A Kyle boy who nearly drowned met the women who saved his life.
9-year-old Benny Crowe was swimming at Blue Hole Park in Georgetown when he went under.
"It's a little emotional still so i apologize for crying," said mom Liz Crowe.
The last time Liz Crowe was in Georgetown, her 9-year-old son Benny almost drowned.
He was playing in the water at Blue Hole Park when he suddenly went under.
"Andrew, his big brother, tried to pull him out himself at first and just got him up above water just enough to get a big breath of air and then he got sucked back under. He started screaming for help and so I ran not quite sure what was going on," said Crowe.
Killen teachers, Melissa Ochoa and Shene Robison, were nearby and heard Andrew's cries.
"We both just kind of dove in and went to work. I can't tell you what happened or who was where. It was very surreal," said Melissa Ochoa.
City officials say Benny became pinned under the water because someone removed one of the grates from the dam. "I jumped off the wall and crawled into the hole and started trying to push him up so in doing so I was able to, I think, stop the flow of the water enough and we were able to push him," said Crowe. "He was blue and unconscious and I thought I was going to have to do CPR on my own kid but he started coughing and screaming which was the best sound I think any of us could've heard."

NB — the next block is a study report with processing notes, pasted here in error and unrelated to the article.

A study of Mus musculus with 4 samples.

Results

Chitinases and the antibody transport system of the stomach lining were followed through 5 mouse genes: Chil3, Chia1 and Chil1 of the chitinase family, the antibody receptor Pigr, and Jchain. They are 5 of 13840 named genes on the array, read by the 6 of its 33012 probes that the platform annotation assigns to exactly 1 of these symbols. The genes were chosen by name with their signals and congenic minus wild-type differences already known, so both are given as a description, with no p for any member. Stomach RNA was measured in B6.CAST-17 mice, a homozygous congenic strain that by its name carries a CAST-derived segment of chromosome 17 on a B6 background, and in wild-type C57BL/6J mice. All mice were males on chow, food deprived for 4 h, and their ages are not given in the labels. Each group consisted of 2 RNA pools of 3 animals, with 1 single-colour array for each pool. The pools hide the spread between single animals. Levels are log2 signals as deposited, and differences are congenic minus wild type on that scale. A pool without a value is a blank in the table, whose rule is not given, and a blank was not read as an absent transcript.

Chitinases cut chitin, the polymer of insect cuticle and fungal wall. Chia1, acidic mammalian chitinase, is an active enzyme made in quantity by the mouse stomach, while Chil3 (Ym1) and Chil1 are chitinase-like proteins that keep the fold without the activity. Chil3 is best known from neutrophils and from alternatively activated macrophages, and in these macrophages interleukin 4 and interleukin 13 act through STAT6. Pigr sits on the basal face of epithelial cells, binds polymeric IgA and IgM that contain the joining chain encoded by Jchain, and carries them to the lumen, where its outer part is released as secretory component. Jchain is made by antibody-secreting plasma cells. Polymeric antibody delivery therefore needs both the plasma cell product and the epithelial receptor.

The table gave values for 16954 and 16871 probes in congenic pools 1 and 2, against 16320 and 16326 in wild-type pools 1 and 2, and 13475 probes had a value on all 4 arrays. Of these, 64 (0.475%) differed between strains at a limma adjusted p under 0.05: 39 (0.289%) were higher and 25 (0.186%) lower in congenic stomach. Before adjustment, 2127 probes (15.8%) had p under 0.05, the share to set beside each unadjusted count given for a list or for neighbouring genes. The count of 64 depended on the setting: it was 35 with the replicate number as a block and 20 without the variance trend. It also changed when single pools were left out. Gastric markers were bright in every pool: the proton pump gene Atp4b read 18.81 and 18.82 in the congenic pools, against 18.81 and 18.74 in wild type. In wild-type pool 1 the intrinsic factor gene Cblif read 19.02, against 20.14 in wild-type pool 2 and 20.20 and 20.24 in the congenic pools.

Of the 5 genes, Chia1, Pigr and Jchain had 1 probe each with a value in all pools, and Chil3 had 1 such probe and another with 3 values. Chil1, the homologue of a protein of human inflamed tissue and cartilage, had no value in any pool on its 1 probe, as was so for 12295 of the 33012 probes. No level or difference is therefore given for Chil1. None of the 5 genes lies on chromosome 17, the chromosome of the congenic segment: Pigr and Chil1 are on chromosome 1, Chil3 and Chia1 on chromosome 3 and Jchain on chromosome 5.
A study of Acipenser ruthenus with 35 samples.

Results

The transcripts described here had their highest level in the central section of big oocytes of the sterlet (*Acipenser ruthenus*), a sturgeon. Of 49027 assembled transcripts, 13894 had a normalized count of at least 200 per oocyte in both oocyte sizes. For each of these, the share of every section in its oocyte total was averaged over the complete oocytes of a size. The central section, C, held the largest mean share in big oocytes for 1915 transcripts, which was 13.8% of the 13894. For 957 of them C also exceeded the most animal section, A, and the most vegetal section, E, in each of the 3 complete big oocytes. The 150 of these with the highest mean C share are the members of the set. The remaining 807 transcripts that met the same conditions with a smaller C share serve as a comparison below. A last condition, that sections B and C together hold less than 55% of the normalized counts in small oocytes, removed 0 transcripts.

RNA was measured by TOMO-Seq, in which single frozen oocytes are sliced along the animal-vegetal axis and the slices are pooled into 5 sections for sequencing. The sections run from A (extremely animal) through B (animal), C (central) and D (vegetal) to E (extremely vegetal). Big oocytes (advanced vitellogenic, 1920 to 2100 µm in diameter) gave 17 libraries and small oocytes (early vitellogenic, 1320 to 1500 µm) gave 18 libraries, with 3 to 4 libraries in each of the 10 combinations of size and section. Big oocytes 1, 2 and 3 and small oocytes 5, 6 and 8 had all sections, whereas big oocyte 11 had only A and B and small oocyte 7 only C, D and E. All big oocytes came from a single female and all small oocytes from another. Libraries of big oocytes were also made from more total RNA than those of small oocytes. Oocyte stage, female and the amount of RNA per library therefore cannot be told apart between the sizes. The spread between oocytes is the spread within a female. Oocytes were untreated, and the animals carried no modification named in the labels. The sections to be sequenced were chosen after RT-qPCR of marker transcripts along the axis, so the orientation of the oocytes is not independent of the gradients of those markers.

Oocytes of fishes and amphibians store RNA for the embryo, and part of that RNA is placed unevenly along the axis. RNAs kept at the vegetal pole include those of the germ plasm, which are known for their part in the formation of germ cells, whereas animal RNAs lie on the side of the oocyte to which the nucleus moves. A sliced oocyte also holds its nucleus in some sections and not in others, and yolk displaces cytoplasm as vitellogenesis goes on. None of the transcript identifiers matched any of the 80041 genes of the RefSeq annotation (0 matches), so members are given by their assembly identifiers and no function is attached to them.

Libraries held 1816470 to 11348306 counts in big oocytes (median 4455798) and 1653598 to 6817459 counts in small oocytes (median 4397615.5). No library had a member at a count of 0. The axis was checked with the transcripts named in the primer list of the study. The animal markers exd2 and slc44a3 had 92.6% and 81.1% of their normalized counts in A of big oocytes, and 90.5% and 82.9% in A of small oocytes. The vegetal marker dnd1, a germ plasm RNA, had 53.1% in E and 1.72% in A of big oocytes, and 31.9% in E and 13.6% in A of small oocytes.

Crowe says tests showed Benny did not have any water in his lungs.
He escaped with only scrapes and bruises.
Crowe posted the story on Facebook. Friends of Melissa and Shene saw it, allowing the women to re-connect.
On Wednesday, Crowe got to thank them face to face. "In a society where people video tape instead of jump in and help... These two women got in and helped me and if it wasn't for them I wouldn't have been able to get him out of that hole by myself," said Crowe.
Georgetown Fire Chief Clay Shell presented awards of recognition to all involved.
Even Benny got a certificate.
Seeing his smiling face was just the happy ending Melissa and Shene had hoped for. "Best ever," said Ochoa. "Cold chills. It's awesome," said Robison. "Our family can never thank them enough for their help that day," said Crowe. "So now we have friends for the rest of their life."
City leaders feel the grate was removed on purpose.
They say it is so heavy that it took two city workers to lift it. It is now bolted back in place.
If you have any information about what may have happened to the grate, call Georgetown police.